In its clearest signals yet, the Obama administration appears prepared to punt repeal of “don't ask, don't tell,” the policy that bans gay troops from serving openly, until next year.

While President Obama renewed his commitment Monday to ending the law that prescribes discharge for gay and lesbian service members who do not remain celibate or closeted, he made certain to choose his words carefully.

“We are going to do that,” Obama answered a protester who asked: “What about 'don't ask, don't tell'?”

“I agree,” he said after members of GetEQUAL continued to disrupt his speech at a California fundraiser for fellow Democrat Senator Barbara Boxer. The president also chided the protesters, saying they should be yelling at someone who does not agree with repeal of the law.

However, unlike in his first State of the Union Address, Obama failed to add that he was committed to repealing the law this year.

“This year,” he said in January, “I will work with Congress and our military to finally repeal the law.”

The White House has since implied that it is no longer committed to reversing the policy this year.

Last week, Aubrey Sarvis, the executive director of the Servicemembers Legal Defense Network, a group that lobbies for repeal of the law, alleged that the Obama administration is quietly campaigning against repeal this year.

“I am very disturbed by multiple reports from Capitol Hill that your Congressional liaison team is urging some Members of Congress to avoid a vote on repeal this year,” Sarvis wrote in a letter addressed to the president.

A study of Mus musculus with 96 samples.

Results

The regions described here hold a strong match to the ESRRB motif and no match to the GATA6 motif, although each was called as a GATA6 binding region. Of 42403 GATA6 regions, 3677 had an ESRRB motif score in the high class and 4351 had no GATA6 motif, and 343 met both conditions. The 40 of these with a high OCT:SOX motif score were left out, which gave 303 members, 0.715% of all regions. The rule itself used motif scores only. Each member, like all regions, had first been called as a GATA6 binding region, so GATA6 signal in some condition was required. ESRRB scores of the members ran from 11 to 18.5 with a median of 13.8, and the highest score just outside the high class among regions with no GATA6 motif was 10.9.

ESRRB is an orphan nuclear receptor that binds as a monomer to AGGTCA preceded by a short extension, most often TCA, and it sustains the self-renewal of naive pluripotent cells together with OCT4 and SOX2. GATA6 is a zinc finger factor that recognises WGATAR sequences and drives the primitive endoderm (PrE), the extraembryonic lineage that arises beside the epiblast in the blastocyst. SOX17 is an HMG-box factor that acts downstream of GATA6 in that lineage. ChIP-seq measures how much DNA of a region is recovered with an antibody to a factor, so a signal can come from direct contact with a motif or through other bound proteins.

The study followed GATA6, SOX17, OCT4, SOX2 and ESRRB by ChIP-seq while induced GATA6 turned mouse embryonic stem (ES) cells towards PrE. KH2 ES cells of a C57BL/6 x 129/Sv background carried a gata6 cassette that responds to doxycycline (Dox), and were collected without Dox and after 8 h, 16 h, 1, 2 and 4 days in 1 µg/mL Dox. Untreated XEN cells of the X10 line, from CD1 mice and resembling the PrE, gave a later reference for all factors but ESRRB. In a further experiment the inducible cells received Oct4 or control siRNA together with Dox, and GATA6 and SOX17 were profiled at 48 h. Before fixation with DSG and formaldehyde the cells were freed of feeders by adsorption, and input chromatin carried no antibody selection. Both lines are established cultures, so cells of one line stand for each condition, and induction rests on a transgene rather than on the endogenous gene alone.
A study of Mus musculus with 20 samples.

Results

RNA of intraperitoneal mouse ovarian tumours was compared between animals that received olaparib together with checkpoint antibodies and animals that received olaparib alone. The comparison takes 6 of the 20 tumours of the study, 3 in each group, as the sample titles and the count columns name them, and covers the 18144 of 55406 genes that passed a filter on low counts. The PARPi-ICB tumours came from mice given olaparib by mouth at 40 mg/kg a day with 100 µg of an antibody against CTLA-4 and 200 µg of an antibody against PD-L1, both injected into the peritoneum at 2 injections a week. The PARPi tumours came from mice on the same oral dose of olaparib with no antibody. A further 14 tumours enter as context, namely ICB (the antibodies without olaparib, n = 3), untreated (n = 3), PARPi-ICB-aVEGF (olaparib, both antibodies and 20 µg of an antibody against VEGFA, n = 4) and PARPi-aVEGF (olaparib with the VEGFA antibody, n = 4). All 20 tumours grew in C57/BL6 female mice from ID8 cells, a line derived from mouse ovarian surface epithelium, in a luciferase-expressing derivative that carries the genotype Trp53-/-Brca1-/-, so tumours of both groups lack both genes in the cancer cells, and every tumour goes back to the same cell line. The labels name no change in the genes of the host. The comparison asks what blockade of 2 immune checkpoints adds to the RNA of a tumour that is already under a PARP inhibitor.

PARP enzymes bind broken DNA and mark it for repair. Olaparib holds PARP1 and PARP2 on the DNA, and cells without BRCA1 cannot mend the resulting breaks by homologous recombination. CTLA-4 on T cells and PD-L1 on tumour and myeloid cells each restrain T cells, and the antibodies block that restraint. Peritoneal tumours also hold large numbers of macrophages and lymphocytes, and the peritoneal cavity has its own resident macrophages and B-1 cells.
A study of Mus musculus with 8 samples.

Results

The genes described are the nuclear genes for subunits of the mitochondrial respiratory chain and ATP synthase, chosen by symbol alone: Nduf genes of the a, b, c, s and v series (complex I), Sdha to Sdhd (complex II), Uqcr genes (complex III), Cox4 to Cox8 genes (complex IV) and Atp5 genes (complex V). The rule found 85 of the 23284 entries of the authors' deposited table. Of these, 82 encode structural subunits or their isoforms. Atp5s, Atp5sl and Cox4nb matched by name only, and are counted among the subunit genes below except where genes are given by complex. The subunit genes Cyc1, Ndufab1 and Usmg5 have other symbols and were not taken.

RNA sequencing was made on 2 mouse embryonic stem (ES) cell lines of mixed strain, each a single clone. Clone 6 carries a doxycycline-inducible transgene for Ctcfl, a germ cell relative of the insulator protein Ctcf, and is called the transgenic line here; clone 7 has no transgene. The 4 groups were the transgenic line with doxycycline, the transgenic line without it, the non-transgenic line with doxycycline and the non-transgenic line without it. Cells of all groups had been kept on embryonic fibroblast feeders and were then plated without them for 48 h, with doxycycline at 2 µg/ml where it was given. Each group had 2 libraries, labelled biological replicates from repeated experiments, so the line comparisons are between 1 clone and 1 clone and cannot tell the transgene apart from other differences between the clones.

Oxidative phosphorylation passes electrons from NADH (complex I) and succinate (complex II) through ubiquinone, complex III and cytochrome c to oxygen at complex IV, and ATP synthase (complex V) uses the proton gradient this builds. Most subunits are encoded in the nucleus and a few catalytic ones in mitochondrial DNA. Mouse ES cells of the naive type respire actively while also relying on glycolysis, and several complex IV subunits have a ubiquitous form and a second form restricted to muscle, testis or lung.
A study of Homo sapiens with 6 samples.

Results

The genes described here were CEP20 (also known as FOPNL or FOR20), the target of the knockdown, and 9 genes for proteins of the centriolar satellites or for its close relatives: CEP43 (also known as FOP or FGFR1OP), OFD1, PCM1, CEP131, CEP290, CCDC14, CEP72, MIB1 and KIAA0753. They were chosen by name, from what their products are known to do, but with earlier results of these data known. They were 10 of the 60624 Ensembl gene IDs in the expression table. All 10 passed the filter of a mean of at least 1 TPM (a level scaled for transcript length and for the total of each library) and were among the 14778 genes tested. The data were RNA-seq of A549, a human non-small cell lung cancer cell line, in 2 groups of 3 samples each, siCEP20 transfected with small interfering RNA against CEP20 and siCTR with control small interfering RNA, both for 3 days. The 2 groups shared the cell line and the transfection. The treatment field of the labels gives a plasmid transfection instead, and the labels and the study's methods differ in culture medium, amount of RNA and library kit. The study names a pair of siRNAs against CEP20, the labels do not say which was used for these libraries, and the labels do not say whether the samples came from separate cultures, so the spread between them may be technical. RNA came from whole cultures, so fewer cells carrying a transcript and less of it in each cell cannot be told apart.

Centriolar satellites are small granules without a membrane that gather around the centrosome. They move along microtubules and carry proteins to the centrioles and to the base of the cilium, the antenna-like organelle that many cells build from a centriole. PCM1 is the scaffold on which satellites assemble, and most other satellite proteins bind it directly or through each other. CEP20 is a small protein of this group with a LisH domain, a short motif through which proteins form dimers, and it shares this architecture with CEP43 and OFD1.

“The upcoming House and Senate votes will be close, and very frankly, Mr. President, we need your help now.”

On Wednesday, however, Press Secretary Robert Gibbs poured cold water on Sarvis' plea, saying that the president is committed to “a process and a proposal” that includes seeing through a military review of how best to implement changes should Congress repeal the law. The study – ordered by Defense Secretary Robert Gates – is due in December.

Commitment to the study runs counter to repeal this year. Most supporters concede passage in the Senate will be difficult and had hoped to avoid a direct confrontation by tucking repeal language into next year's defense budget.

Sarvis warned that the window for such action is closing quickly.

“The train is leaving,” he told The Advocate. “We could have key votes before the Memorial Day recess.”

Last month, openly gay Massachusetts Representative Barney Frank sounded a similar alarm when he called on the president to make it clear that he supports repeal of the law this year.

“The administration has been ambiguous about it, and that ambiguity has allowed some to interpret Secretary Gates' argument for a delay in implementation as a delay in adopting the legislation,” Frank said.

In leading a protest outside the White House gates on Tuesday, Lt. Dan Choi, one of the most visible opponents of the policy, called on the president to add repeal language into the defense budget.

“If the president were serious about keeping his promise to repeal this year, he would put the repeal language in his Defense Authorization budget,” he said.